Speech by Parliamentary Opposition Leader, DAP Secretary-General and MP for Petaling, Lim Kit Siang, when addressing the JOHORE State Committee of the DAP in Kluang, Johore, on Sunday, 13th July 1980 at 11 a.m.
DAP MPs and State Assemblymen to meet in Cameron Highlands next month to discuss the national and international challenges facing Malaysia in the 1980s and also the Fourth Malaysia Plan 1981-1985
DAP Members of Parliament and State Assemblymen will gather at Cameron Highlands on August 8, 9 and 10 to discuss the national and international challenges confronting Malaysia in the 1980s.
This Seminar of DAP MPs and State Assemblymen will be an important one as it will help to chart the Party’s programmes and activities in the 1980s.
It will be the first of a series of reviews and re-examination of party policies and programmes to prepare a new Declaration of Party Policy and Aims for the 1980s to be adopted by the Party Congress in 1981 in commemoration of the Party’s 15th Anniversary.
The Cameron Highlands Seminar for MPs and SAs will also review the performance of DAP MPs and SAs in the last two years.
Another important feature of the Cameron Highlands meet will be a discussion and assessment of the people’s needs and aspirations in the Fourth Malaysia Plan 1981-1985.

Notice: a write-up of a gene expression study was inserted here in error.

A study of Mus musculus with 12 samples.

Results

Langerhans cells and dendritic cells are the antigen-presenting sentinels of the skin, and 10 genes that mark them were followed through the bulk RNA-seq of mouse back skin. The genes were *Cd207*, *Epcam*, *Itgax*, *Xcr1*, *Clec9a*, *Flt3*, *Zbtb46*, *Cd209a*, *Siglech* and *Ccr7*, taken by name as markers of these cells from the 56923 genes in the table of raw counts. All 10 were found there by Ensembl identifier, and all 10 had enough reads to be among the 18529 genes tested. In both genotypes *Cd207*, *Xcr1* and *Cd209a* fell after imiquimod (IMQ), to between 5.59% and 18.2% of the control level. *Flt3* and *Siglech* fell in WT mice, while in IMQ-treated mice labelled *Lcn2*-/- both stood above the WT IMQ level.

Call For Vigilance and Firmness among moderate Malaysians to counter the likely emergence of extremist, chauvinist and intolerant forces in 1980s
One of the greatest confronting Malaysia in the 1980s is the rearing of the ugly heads of the forces of extremist, chauvinism and intolerance.
The people of Malaysia, those who want a moderate and accommodative approach to the problems of nation building, and not the dominance of one group by another, must be vigilant and firm in countering such extremist, chauvinist and intolerant forces to let them know in no uncertain terms that the overwhelming majority of Malaysians will not allow them to destroy the nation. We must all take to heart the apt saying that “All it needs for evil to triumph is for good men to do nothing” to realize the awful consequences of apathy or passivity.
This is why the Clause 21(2) affair, where there is a rising call for its implementation and closure of Chinese and Tamil primary schools, is of such crucial importance.
At times when the people must take a stand and yet miss the opportunity to do so, then so much would be lost they could probably never be recovered back again.
Invitations to component parties in the Barisan Nasional inviting them to a tea party on July 20 in Hotel Malaya in Kuala Lumpur to discuss ways to effectively stamp out strident demands for closure of Chinese and Tamil primary schools have been sent out, and I hope that receipients like Datuk Lee San Choon, MCA President, Dr. Lim Chong Eu, Gerakan President, Datuk Samy Velu, MIC President Datuk Stephen Yong, SUPP Secretary-General, Datuk Harris Salleh, Berjaya President, would come to the tea party if they feel strongly, and their party stand firmly, about the constitutional right of Chinese and Tamil primary schools to an integral and eternal part in the mainstream of national education system.